Written for the APEX Experience magazine – Issue 8.2 – April-May 2018
Lithium-ion batteries are ubiquitous portable powerhouses in the world of rechargeable energy storage, with billions of cells produced annually. Found in everything from wireless earbuds to in-flight entertainment tablets, their pervasiveness extends to the aircraft cabin – but maybe not for long.
A Li-ion cell has a liquid electrolyte that saturates the battery’s key components, but is highly flammable. If a Li-ion cell is physically damaged, or if a battery’s charging circuitry malfunctions, the cell can become a raging inferno, spewing molten material with temperatures up to 1,985 degrees Fahrenheit – a thermal runaway that can destroy equipment and injure people.
The safety risks associated with the use of Li-ion batteries have been known since Sony introduced the first one in 1991, with the Federal Aviation Administration (FAA) reporting 160 air or airport incidents involving Li-ion batteries from that point to mid-2017. The issue gained widespread attention in 2016, when Samsung announced a global recall on its Galaxy Note 7 after reports that the smartphone was self-combusting on the ground and in the air.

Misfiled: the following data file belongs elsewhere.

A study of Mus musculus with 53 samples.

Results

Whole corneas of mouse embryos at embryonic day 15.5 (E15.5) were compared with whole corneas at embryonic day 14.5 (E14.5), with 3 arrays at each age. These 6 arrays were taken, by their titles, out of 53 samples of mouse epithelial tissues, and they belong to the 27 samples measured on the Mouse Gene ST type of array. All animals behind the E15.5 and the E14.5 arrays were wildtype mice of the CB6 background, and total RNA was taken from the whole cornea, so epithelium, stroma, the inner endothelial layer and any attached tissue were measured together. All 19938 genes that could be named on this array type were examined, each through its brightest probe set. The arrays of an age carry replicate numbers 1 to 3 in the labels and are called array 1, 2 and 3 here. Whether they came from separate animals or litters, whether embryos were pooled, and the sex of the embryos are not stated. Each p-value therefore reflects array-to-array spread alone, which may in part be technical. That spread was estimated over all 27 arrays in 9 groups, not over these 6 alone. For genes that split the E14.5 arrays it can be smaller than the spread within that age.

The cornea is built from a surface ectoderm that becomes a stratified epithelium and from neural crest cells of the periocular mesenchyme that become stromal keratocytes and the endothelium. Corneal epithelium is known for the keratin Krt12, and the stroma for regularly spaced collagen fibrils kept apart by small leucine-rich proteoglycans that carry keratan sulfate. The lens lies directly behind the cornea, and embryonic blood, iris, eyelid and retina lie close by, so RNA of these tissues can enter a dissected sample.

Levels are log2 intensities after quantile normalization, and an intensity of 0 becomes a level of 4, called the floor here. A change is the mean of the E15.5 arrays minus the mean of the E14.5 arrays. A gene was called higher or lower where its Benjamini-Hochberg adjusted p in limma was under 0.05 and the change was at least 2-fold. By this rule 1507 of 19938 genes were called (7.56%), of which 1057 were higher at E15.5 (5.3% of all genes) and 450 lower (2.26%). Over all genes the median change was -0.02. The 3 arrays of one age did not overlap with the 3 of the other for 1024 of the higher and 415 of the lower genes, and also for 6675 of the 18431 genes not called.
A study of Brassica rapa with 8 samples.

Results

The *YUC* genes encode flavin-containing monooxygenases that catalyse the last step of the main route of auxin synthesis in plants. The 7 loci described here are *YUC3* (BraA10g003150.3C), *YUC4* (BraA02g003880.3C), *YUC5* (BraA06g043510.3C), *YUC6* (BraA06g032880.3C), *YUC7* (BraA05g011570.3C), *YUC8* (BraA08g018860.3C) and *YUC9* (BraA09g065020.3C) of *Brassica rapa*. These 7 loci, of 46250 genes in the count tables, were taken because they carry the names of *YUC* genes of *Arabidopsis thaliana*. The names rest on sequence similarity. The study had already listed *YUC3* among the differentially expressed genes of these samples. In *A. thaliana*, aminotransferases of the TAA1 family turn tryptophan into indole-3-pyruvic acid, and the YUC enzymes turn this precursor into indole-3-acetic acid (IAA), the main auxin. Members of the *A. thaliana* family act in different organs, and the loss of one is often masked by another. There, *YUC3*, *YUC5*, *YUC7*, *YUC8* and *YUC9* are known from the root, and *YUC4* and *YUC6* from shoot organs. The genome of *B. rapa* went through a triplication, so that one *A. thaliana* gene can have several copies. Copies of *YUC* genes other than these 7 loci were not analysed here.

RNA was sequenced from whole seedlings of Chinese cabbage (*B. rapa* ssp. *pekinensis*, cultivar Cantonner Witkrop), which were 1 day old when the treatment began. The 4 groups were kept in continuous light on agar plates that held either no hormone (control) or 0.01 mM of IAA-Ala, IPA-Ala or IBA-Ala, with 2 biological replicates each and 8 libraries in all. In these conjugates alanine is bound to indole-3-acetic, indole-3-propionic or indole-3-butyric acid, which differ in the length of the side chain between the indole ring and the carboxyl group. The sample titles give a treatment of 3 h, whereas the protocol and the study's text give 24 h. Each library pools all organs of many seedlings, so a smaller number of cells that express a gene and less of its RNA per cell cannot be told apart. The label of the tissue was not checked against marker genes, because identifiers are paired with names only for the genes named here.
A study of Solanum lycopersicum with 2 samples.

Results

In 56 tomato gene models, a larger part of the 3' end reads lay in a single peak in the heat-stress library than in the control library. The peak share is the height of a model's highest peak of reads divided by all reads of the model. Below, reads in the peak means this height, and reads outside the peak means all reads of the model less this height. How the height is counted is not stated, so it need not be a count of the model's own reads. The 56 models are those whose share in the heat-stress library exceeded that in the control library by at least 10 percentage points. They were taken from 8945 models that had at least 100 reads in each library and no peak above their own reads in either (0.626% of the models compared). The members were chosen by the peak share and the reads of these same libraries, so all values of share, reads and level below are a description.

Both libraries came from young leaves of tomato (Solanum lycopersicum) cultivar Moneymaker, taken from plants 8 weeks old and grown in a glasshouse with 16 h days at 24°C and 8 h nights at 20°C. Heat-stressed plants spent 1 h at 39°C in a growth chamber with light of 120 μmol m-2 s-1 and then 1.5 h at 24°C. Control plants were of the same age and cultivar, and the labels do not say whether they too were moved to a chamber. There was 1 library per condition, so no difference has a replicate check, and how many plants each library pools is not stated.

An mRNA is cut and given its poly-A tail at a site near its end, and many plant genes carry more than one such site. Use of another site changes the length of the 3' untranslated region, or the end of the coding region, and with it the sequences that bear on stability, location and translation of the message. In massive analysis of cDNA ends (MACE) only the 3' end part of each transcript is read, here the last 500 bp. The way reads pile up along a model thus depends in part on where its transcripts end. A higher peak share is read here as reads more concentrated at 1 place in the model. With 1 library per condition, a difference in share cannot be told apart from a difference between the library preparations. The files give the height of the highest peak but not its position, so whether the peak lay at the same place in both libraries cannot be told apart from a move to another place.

The threat of thermal runaway in batteries has since led to a controversial US electronics ban, the Airline Passenger Experience Association’s subsequent call for solutions to the ban and, as of February, decisions made by Delta, American, Alaska, Southwest and Hawaiian airlines to prohibit baggage with non-removable Li-ion batteries.
“There is enough known about lithium-ion batteries to acknowledge that in the current architecture, they are a risk in an airplane,” says Erik Terjesen, senior director, Licensing and Strategy, Ionic Materials.
To solve the problem of thermal runaway, Ionic Materials has developed a unique polymer material – a solid plastic – that would entirely replace the liquid electrolyte in the battery. “You basically create a battery that is entirely solid, with no liquid component, that is non-flammable,” Terjesen says.
Ionic has tested the newly configured batteries to destruction, cutting cells in half, and firing bullets into the battery packs. Not only are the batteries stable, with no resulting explosions or fires, remarkably, the cells continue to provide power.
A next-generation “lithium-metal” battery using Ionic’s polymer could have roughly two to three times the energy density of a current Li-ion cell. And thanks to the polymer, even decades-old alkaline battery technology could see a reboot, becoming a rechargeable and inexpensive alternative to Li-ion cells. According to Terjesen, we could see safe and even more powerful batteries in the next few years.
“We’ve been in dialogue with people at the FAA and others – airlines and aviation players – and I think there’s the same view: If we can provide an inherently safe technology, that’s going to bring a lot more comfort,” Terjesen says.